Gold May Advance on Europe Debt Woes, Fed Policy, Survey Shows

Gold may gain as concern about Europe’s debt woes and sustained record-low interest rates in the U.S. spur demand for the metal as an alternative investment, a survey found.

Twelve of 16 traders, investors and analysts surveyed by Bloomberg, or 75 percent, said bullion will rise next week. Two predicted lower prices and two were neutral. Gold for August delivery was down 1.3 percent for this week at $1,519.70 an ounce by 11 a.m. yesterday on the Comex in New York. It reached a record $1,577.40 on May 2.

European Central Bank President Jean-Claude Trichet this week said danger signals for financial stability in the euro area are flashing “red” as the debt crisis threatens to infect banks. Policy makers decided to keep the Federal Reserve’s balance sheet at a record to spur the economy after completing $600 billion of bond purchases this month and repeated they will keep borrowing costs low “for an extended period.”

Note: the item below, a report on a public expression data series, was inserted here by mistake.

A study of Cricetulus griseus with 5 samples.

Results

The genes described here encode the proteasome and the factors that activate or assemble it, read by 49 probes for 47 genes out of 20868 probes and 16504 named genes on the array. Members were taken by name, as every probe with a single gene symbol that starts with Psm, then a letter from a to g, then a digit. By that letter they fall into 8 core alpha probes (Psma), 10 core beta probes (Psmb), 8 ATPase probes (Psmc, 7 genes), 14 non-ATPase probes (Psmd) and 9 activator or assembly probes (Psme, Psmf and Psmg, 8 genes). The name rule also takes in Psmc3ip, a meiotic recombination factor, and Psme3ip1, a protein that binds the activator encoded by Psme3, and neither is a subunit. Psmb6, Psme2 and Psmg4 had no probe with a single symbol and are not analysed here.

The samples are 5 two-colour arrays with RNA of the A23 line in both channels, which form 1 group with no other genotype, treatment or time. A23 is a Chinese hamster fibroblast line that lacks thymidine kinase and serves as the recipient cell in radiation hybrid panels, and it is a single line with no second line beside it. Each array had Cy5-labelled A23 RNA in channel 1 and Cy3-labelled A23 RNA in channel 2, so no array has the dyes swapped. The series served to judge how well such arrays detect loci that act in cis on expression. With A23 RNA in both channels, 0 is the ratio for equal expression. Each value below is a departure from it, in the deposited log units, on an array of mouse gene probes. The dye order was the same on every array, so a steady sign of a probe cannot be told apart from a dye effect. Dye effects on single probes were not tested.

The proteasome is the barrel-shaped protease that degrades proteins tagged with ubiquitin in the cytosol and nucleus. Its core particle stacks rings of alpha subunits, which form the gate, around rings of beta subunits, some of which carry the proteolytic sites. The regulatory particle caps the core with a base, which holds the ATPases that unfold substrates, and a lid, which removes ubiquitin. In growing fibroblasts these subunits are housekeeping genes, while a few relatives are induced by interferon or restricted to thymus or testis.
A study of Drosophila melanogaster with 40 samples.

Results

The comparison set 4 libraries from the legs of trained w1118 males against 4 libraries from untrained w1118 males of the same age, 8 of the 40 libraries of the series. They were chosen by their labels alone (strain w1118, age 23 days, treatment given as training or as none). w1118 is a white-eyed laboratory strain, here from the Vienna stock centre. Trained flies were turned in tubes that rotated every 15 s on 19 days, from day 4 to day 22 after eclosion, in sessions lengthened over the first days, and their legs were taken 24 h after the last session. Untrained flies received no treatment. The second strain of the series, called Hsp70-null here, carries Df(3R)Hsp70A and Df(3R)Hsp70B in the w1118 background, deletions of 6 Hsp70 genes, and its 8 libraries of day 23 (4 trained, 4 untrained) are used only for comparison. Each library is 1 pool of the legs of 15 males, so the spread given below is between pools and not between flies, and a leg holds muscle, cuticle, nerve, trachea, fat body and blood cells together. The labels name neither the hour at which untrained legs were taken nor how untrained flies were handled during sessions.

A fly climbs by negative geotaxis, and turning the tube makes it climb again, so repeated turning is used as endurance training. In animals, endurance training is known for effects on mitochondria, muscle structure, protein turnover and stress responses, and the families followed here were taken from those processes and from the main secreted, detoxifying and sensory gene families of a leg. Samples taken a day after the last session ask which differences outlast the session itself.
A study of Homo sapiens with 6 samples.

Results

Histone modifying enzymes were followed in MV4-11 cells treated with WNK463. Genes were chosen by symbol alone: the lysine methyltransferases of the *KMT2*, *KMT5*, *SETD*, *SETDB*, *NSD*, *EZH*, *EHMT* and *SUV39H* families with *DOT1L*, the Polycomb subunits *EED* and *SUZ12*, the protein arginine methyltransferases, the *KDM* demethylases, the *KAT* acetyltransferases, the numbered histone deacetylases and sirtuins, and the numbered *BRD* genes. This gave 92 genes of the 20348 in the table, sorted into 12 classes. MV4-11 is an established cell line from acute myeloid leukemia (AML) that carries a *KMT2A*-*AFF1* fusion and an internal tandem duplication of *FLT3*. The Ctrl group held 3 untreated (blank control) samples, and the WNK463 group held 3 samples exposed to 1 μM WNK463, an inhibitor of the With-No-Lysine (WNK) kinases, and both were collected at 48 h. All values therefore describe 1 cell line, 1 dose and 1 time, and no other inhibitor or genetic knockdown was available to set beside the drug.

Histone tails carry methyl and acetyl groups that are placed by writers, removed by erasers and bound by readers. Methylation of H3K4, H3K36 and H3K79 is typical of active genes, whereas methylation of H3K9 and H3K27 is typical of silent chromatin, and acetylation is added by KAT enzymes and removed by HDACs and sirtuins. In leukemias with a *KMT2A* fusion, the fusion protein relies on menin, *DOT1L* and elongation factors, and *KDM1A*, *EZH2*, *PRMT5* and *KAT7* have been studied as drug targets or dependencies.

Gold will be supported “due to continuing sovereign-debt and currency risk,” said Mark O’Byrne, executive director of brokerage GoldCore Ltd. in Dublin. The Fed’s “ultra-loose monetary policies and zero percent interest rates are to continue for the foreseeable future,” he said. “This is a continuing positive for gold prices.”

The attached chart tracks the results of the Bloomberg survey, with the red bars derived by subtracting bearish forecasts from bullish estimates. Readings below zero signal that most respondents expect a decline. The green line shows the gold price. The data are as of June 17.

The weekly gold survey, which started seven years ago, has forecast prices accurately in 212 of 368 weeks, or 58 percent of the time.

This week’s survey results: Bullish: 12 Bearish: 2 Neutral: 2

To contact the reporter on this story: Nicholas Larkin in London at nlarkin1@bloomberg.net

To contact the editor responsible for this story: Claudia Carpenter at ccarpenter2@bloomberg.net.